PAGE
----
Blankenship column: Bookends

Published 12:00 am Thursday, September 8, 2022

This is version three.

My first attempt started off with a romanticized recounting of my first days at the Post and coming to a new place. It was complete with my comically rapid move from the mountains back to the Piedmont, waiting in a clinic for a drug screen on the first day and waiting for Rowan’s first baby of the year to be born on New Year’s Day just to have to wait until Jan. 2.

I talked about the unfamiliarity of East Liberty Street on New Year’s Eve. I got bored of my internal musings about the reporting process and scrapped that one.

The second one, a reaction to the first, was about how no one cares about your opinions and telling people about them isn’t that great either.

OK, so I’m staring into the void and honing in on what emotional state I want to plant in the hallowed pages of the Salisbury Post during some downtime at the Aug. 22 school board meeting.

I’m leaving.

That’s not as elegant as the one-line kicker my colleague Ben Stansell skated into the sunset on back in July, but you get the idea.

 I’ve been here for nearly three years and I’ve written about 1,400 stories. Most of them are about education. A lot are about parks. A few are about wolves. One is about pollen.

I’m fixing to toss my critters into the back of my compact and haul down to the beach. In a move that would have surprised me a couple years ago I am headed to Wilmington.

My professional career keeps pulling me East, to lower altitudes, flatter land, and now less land altogether. I’ve gone from a mountain transplant to a coast-dweller. The next step will be to set up shop on a floating colony in the Atlantic.

I already resolved to get a boat of some description, and a crusty little dinghy sounds up my alley. John Carr, the Post’s publisher, has already advised me to avoid the headache of getting an outboard motor, but I haven’t decided if I’ll take his advice yet.

I’ll still be writing a lot about schools, and I might even end up writing more about schools. I am sad about some of the ambitious stories I just couldn’t get to.

I spent my pandemic in Salisbury, and somehow that makes it special. I feel like the latest person in a wave of folks to filter out as the pandemic groans to something like an end over the course of months. The pandemic is not officially over. The disease still infects people regularly and is cause for concern, but as a Scientific American story pointed out in March, people functionally decide when a pandemic ends before science does.

I see very few masks in schools and grocery stores. Events are held, restaurants are open. It pains me that there are still so many people who are vulnerable to the disease, but things look a lot more like December of 2019 than March of 2020 whether that makes you happy or disturbed.

I had the privilege of seeing parts of the pandemic as a beat reporter most folks didn’t, even if they worked in schools. I went to the bizarre weekend meeting to discuss how to continue in March of 2020, after schools were ordered to close. I saw school supplies get passed off to students from a pickup at Overton Elementary.  I stood in the cafeteria at Knox Middle School with Jon Lakey the next day. The first wave of meal deliveries were about to go out. Everyone was standing very far apart and gloved up. This was before masks became the standard PPE.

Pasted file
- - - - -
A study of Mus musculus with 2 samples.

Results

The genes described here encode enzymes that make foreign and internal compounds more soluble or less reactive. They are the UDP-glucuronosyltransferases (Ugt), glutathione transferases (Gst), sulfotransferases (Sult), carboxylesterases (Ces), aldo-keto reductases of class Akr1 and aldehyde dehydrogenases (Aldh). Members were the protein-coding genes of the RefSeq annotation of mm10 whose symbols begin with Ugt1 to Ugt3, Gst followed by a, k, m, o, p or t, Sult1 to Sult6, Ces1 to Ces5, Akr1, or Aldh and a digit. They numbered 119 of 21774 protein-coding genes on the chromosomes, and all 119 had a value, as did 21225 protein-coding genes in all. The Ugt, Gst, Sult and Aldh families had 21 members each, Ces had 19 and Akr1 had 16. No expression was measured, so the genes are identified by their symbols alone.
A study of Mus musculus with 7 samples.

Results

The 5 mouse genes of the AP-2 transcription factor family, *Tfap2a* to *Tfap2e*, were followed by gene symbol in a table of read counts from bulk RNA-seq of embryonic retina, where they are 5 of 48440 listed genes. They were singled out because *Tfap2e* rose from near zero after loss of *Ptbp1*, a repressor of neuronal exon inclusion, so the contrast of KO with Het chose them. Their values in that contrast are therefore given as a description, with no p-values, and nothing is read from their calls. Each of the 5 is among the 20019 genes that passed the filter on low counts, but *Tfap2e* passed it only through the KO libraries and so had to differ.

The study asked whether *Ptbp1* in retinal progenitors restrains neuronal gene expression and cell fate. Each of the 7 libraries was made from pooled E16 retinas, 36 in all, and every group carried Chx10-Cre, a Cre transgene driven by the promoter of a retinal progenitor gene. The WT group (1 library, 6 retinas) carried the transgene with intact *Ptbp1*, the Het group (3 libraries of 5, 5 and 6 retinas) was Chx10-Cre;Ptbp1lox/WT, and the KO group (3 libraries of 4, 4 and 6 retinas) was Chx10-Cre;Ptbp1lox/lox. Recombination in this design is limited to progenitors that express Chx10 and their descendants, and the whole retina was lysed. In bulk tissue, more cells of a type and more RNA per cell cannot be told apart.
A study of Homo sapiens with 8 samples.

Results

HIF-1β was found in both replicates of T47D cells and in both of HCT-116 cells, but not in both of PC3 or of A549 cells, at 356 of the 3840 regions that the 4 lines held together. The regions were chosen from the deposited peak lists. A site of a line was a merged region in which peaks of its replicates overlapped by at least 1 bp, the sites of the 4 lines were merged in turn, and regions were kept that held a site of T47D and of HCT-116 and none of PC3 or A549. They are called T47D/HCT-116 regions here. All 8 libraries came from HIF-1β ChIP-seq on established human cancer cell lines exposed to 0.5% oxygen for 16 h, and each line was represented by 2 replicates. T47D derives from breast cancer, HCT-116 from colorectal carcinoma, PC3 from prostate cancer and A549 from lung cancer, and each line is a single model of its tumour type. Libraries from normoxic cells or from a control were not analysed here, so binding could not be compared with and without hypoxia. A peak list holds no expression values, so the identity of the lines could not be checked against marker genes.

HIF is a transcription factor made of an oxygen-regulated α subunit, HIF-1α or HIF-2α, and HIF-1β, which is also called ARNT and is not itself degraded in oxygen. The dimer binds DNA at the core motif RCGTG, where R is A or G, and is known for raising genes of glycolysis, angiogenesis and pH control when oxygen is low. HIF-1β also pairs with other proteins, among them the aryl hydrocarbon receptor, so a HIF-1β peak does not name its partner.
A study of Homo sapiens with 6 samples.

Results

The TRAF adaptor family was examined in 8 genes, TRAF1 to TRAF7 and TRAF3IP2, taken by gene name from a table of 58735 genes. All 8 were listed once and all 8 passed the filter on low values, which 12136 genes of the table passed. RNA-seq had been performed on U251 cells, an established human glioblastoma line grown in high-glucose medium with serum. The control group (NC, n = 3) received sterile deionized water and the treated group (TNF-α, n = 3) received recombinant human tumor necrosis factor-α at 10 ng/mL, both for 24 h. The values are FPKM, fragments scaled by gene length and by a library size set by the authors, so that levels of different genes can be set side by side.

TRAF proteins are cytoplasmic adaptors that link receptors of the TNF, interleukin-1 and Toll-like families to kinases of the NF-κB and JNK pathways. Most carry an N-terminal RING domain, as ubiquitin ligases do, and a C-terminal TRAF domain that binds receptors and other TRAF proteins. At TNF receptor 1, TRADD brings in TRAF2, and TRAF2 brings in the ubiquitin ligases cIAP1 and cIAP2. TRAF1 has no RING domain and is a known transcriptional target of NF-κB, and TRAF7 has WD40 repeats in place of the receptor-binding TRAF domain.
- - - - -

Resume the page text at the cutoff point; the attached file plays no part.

All this was inspiring, because I saw people honorably discarding self in a way we don’t see often in this country, but the implications of why it was happening were terrifying,

I went into schools when quarantines were at their peak in August of 2021, I went to the dramatic school board meetings and witnessed the constant legal tightrope walk districts were forced into. I compiled a list of hundreds of people who died in Rowan County after contracting COVID-19 by hand.

Does anyone remember plans A through C? The state’s toolkit for schools? Meals delivered to classrooms? Cluster reports? All the money that was dropped in districts’ laps?

I think often about a quote then-assistant superintendent Julie Morrow gave me in May of 2020, right before she retired:

“I would have never dreamed, in a long time, that this could happen in our country, but I guess I was naive to think that,” Morrow said.

That is one of my favorite quotes. It is a concise and affecting expression of popular disillusionment. The early days of the pandemic were exciting, and uncertain. Eventually it settled in and I, like so many others, had this thought: “Is the end of the world really this boring?”

After the initial flurry of activity everything went dead. The schools were closed. Most places were closed. There were fewer people on the streets and trying to find a roll of toilet paper was a favorite pastime.

For reporters, we were stuck at home, glowering, poring over numbers, cancellations and policy changes with that flat line of dread on the horizon that the medical system, the economy or both would collapse.

We all experienced our own variation of 2020, and even though swaths of the pandemic were devastating, I am glad I spent it here. I’m glad I saw the beautiful park go up across the street after seeing it as a construction site for almost two years. I’m glad I got to feel some of the historic charm and call this place home for a red letter period.

Life is about the endeavor, and I’m off to the next adventure, but I’ll never forget how I spent my pandemic in Salisbury.

About Carl Blankenship

Carl Blankenship has covered education for the Post since December 2019. Before coming to Salisbury he was a staff writer for The Avery Journal-Times in Newland and graduated from Appalachian State University in 2017, where he was editor of The Appalachian.